Beard — who returned to his alma mater in 2012, the same year as Kieschnick — talked about a constant belief that his team could win a national championship. Kieschnick feels the same way about the Bearkats, especially after a historic postseason run that resulted in the program’s first trip to the NCAA Division I Men’s Golf Championship.

“Michael Beard from Pepperdine is a friend, and I love what he said,” Kieschnick said. “He played for Pepperdine and came back to coach at his alma mater the same year I did at Sam Houston. He’s built that program to a top team, and we’ve tried to build this to a top team. He said it best. He said, ‘I always thought we could play at the highest level at Pepperdine, and we could win a national championship.’

“With Sam Houston — with our alumni, with where we’re at, the university is great — I’ve always thought that we could play at the highest level. I thought if someone could come in and stabilize the program and get the right kids, our competitiveness would be good enough. As an alumni I’ve always thought we could do something really good here ... and I’m just thankful to help do this for our great university.”

Sam Houston not only made it to the big stage, but excelled on it.

The Bearkats made the cut for the final day of stroke play, nearly reaching the cutoff for the match play portion of the tournament. They finished in a tie for ninth at 32-over-par, just seven strokes back of eighth place. Senior Will Holcomb, meanwhile, tied for eighth individually with a 1-under-par 279 for the tournament.

Sam Houston had the best finish of five Texas schools at the NCAA Championships, outperforming the likes of Texas Tech, TCU, SMU and Texas.

“We proved that we have the stuff inside this program to win a national championship,” Kieschnick said. “Once you’re close to it, and once you’re in the arena playing with the best teams in the country ... it’s just confirmation that when we play good, we can play with the best. That’s what I’m most proud of. We were right there. We had a chance to win a national championship. I’m just very humbled, and it’s more confirmation that we can do this.”

As remarkable as Sam Houston’s performance at the National Championship was, it almost never happened.

As the Bearkats prepared to play their final day at the Stillwater Regional, they found themselves in sixth place and one shot out of advancing. Adding to the adversity, Holcomb — the team’s star player and senior leader — received news that morning that he would not be playing due to COVID-19 contact tracing.

Faced with the reality that he might have played his last round at Sam Houston, though, Holcomb never had a doubt. His teammates validated his feelings, as Grayson Blunt, Luis Carrera, Paul Chaplet and Ting-Wei Hsieh led the Bearkats to a fourth-place finish.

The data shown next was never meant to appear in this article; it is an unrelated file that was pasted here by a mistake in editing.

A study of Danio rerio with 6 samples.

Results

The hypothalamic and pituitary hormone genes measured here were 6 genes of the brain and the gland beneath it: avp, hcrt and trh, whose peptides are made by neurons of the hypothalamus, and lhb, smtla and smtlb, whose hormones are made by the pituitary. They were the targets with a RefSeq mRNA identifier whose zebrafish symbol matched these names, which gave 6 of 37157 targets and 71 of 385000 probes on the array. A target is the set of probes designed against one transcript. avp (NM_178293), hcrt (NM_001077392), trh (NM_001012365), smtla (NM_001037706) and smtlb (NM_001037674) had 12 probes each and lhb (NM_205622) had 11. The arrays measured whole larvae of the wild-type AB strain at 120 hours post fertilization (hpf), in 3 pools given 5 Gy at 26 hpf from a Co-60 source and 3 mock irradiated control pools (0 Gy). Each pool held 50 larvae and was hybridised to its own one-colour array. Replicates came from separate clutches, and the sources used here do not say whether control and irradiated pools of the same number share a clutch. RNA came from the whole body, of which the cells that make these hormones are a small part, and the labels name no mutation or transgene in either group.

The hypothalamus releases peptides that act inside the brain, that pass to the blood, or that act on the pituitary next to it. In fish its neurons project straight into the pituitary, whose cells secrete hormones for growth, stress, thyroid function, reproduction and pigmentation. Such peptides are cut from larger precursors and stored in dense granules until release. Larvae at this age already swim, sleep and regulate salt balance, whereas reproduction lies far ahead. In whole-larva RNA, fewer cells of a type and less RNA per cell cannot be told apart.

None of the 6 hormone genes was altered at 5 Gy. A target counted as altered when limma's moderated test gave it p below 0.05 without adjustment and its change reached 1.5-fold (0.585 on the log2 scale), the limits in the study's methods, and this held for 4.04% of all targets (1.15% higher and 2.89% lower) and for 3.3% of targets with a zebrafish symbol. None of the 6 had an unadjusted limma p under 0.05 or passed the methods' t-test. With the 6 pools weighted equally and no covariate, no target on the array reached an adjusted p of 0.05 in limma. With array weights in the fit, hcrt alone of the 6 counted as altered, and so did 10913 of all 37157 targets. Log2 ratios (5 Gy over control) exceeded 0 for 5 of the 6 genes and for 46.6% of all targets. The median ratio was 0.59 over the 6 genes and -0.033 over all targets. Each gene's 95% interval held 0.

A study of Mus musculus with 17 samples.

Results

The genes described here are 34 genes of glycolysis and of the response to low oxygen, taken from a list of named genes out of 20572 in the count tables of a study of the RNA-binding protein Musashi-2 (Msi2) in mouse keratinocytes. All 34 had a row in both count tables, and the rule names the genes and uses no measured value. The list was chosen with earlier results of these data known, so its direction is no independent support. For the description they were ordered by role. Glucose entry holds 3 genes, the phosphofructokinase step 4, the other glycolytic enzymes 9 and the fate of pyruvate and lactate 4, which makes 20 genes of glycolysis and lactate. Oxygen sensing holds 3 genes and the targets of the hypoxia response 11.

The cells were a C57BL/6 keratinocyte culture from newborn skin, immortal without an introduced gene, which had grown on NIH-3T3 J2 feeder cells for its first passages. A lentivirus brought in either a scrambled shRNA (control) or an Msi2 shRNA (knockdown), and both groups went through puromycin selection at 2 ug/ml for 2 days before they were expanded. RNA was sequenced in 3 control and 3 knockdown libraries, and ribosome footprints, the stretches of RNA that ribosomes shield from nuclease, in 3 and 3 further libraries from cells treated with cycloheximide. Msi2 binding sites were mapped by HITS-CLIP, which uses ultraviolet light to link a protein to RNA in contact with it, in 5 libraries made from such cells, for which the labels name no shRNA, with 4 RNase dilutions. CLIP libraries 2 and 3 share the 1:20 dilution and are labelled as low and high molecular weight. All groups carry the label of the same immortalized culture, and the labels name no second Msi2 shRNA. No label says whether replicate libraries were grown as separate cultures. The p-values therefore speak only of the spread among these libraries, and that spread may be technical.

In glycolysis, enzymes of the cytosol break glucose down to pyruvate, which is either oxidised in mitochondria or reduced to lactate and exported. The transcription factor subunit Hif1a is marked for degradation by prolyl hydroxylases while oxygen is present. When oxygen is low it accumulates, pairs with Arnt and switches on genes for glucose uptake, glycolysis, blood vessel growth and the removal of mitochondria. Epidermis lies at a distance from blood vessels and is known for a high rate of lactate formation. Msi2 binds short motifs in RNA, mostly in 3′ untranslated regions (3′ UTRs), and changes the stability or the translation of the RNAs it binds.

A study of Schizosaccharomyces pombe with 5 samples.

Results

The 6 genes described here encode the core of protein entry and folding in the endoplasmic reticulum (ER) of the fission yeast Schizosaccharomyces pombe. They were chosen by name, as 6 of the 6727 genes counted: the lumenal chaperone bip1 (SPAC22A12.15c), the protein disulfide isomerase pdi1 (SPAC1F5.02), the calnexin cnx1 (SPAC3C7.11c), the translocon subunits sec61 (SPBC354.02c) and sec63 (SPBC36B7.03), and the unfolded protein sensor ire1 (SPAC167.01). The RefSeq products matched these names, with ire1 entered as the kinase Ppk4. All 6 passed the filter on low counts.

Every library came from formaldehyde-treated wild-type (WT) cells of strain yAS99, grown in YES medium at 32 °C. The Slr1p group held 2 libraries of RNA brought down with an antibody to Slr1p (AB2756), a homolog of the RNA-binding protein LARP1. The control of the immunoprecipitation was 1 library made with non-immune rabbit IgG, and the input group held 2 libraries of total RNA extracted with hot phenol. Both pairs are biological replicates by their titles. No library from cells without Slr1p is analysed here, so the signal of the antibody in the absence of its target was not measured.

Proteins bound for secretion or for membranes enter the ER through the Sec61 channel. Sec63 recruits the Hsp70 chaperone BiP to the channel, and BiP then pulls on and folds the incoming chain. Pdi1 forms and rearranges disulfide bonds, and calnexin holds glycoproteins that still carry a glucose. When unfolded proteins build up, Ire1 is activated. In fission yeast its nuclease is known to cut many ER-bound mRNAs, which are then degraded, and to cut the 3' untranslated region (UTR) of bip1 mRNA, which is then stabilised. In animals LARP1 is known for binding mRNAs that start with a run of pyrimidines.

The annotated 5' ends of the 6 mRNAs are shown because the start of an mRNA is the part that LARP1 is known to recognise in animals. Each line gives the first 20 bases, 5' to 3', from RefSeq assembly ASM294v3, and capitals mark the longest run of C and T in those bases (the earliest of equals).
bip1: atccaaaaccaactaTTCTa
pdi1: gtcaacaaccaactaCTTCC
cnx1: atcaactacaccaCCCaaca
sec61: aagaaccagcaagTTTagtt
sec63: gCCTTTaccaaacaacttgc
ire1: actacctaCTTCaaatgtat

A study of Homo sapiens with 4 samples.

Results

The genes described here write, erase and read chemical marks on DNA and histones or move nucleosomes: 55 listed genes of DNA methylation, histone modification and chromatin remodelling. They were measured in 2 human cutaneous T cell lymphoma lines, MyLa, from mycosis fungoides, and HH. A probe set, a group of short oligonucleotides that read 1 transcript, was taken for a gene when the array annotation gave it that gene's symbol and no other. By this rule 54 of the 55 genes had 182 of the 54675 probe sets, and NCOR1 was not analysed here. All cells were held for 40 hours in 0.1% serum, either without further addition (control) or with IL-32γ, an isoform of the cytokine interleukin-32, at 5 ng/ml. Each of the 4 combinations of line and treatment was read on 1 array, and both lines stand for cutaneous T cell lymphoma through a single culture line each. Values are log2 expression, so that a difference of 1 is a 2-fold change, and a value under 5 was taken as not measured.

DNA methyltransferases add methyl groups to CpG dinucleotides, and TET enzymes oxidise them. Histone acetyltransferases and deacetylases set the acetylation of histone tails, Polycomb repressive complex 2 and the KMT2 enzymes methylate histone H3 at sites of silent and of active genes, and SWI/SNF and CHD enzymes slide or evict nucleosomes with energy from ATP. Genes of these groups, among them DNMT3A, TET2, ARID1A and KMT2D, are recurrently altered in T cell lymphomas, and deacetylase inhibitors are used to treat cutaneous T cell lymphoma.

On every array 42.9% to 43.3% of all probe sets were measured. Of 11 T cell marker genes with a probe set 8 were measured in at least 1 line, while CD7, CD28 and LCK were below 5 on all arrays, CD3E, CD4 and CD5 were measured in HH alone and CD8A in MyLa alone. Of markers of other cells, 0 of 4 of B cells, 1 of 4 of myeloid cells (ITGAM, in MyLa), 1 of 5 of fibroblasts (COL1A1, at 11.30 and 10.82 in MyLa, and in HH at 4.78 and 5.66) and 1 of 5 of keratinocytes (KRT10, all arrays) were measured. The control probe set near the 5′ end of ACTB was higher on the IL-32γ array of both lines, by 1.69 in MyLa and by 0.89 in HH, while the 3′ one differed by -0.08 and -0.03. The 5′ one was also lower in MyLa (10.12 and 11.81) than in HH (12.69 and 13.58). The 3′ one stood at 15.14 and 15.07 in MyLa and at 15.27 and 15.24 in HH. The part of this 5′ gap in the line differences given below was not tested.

“I just had a feeling that morning that I was going to play in the national championship,” Holcomb said. “My guys just never faltered at all. I was thinking that we’d see some adversity at some point, and how we reacted to that would determine if we made it or missed it. They were just steady all freaking day long. Ting-Wei was the only one that really saw a little adversity, and he chipped in for bogey on that hole.

“It could’ve been a lot more stressful of a day for me, and it was, but for some reason I just felt like something good was going to happen — and it did.”

While Holcomb couldn’t play, however, Kieschnick notes that the team still felt his presence.

“He woke up, got dressed and got ready to play, and myself and (Associate AD - Sports Medicine) Dustin LeNorman had to go tell him he wasn’t playing,” the coach said. “Then 20 minutes later I’m meeting with the team in the parking lot and he’s standing at his window looking at us, on the phone with us telling each guy, ‘I wouldn’t have any other four.’ He’s still dealing with the shock of this, but he’s still leading the other guys. It was pure sacrifice and just thinking about the team.”

Holcomb acknowledges that despite Sam Houston’s success this season, he has a bittersweet feeling knowing that he’s played his final round as a Bearkat. Still, watching his team grow from early-season struggles to making school history is something he’ll always remember fondly.

“Playing our first tournament out in Laredo, Coach didn’t even go with us because he had COVID. Coach Robert (Thompson) went with us, and me and him were nitpicking everybody’s game and we could see where they could get better,” Holcomb said.

“We were horrible, but we just kept getting better and better. We worked hard, and it was pretty cool to see this team that was making stupid, silly mistakes in Laredo to making it to the National Championship, playing great and having an opportunity to make match play. It was really cool getting to see us grow and get better as a group.”

Despite a couple significant losses, Kieschnick is confident that the Bearkats haven’t missed their National Championship window.

“We proved that we have the stuff inside this program to win a national championship,” he said. “Once you’re close to it, and once you’re in the arena playing with the best teams in the country ... it’s just confirmation that when we play good, we can play with the best.

“That’s what I’m most proud of. We were right there. We had a chance to win a National Championship. I’m just very humbled, and it’s more confirmation that we can do this.”